CANADA FX DEBT-C$ lower on soft euro zone, U.S. ADP data

Wed May 2, 2012 9:16am EDT
 
    * Weighed down by euro zone factory data, U.S. ADP
    * Bond prices rise across curve

    By Jennifer Kwan	
    TORONTO, May 2 (Reuters) - The Canadian dollar weakened
against its U.S. counterpart on Wednesday as a downturn in euro
zone manufacturing activity and disappointing U.S. private
sector jobs data mad e investors more pessimistic about the
global economic outlook.	
    The currency followed the trend overseas that saw the euro
and world shares fall after data showed euro zone factories sank
further into decline last month. 	
    Also weighing on investors' willingness to buy riskier
assets, including commodity-linked currencies like the Canadian
dollar, wa s data that showed U.S. private employers added far
fewer jobs than expected in April, a reading that could also
keep stocks under pressure in the North American session.
 	
    "It did weaken off slightly this morning on the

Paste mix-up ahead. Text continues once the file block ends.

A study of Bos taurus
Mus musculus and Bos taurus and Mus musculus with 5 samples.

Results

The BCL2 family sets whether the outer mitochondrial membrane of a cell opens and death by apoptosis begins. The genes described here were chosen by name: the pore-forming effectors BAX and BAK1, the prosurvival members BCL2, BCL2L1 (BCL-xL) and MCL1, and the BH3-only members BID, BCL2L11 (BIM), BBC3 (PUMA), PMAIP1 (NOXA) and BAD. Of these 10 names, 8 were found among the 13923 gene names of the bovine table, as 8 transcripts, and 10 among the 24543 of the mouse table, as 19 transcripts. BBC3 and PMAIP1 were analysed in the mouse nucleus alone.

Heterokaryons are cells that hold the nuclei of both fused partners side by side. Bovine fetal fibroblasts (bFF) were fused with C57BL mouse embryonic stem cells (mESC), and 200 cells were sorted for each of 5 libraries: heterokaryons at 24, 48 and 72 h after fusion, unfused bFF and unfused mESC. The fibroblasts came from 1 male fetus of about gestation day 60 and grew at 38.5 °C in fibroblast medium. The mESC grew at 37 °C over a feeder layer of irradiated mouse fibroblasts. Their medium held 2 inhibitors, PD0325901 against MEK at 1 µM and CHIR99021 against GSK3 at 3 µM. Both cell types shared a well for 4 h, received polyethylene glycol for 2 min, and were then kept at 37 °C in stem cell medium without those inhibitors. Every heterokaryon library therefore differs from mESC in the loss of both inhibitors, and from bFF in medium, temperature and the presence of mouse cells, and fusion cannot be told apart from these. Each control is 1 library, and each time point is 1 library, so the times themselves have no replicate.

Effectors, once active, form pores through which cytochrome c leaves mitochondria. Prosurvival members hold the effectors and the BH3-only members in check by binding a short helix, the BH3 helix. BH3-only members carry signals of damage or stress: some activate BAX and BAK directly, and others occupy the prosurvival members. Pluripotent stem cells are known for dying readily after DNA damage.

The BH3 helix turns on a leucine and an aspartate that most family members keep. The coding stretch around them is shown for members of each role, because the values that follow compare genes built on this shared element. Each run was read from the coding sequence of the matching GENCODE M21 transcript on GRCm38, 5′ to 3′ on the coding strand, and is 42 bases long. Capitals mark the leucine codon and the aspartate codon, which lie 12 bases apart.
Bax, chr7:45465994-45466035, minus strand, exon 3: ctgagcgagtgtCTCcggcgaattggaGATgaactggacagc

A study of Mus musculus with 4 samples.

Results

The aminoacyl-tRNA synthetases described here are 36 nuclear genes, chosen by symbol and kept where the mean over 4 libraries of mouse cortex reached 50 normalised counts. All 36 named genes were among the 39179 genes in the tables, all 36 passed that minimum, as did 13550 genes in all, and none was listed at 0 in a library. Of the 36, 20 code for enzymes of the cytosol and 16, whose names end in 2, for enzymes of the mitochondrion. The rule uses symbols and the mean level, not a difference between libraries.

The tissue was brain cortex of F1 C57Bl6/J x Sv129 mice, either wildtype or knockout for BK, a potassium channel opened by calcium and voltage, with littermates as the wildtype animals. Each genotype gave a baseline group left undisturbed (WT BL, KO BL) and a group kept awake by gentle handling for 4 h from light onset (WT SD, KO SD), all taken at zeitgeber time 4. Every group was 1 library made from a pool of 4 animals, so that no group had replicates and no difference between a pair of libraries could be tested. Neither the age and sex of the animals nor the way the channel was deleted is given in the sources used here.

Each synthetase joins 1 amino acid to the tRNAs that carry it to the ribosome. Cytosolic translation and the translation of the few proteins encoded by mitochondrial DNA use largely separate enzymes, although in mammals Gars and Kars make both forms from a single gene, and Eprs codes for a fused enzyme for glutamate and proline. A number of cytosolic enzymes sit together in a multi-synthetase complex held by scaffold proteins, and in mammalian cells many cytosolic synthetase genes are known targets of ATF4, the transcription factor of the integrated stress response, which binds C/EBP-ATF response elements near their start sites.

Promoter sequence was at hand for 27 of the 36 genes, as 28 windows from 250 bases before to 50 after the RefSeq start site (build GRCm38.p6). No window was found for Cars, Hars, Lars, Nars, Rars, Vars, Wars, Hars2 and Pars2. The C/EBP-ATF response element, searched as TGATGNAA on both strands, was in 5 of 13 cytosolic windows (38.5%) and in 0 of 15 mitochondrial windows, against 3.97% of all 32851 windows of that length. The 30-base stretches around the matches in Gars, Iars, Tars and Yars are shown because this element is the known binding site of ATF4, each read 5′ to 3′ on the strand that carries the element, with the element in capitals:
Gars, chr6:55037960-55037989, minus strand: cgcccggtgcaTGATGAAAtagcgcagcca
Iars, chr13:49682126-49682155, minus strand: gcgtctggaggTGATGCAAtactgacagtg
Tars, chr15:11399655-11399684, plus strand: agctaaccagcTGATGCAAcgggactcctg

weaker-than-expected ADP employment report. But it still remains
confined to a C$0.9800 to C$0.9900 range, likely for the next
day and a half," said Blake Jespersen, a managing director of
foreign exchange sales at BMO Capital markets.	
    At around 8:50 a.m. (1250 GMT), the Canadian currency
 was at C$0.9888 against the greenback, or $1.0113, down
slightly from its Tuesday's finish at C$0.9858 a g ainst the
greenback, or $1.0144.	
    The latest reports contrasted with upbeat U.S. manufacturing
data on Tuesday that helped ease investor concerns about the
economic outlook of Canada's largest trading partner.
 	
    Jespersen said he expected trading to remain light for the
remainder of the day ahead of key U.S. jobs data later in the
week.	
    "Investors are just cautious about positioning themselves
ahead of a big number that could lead to a big move," he said.	
    Non-farm payrolls data out Friday is expected to show hiring
b y U.S. employers rebounded in April, which could ease fears
that the economy has stumbled into a soft patch. 	
    Businesses outside the farm sector are expected to have
added 170,000 jobs last month, according to a Reuters survey,
after rising a meager 120,000 in March. The unemployment rate is
seen holding at a three-year low of 8.2 percent. 	
    Canadian bond prices climbed across the curve with Canada's
two-year bond up 7 Canadian cents to yield 1.296
percent, while the benchmark 10-year bond rose 27
Canadian cents to yield 2.017 percent.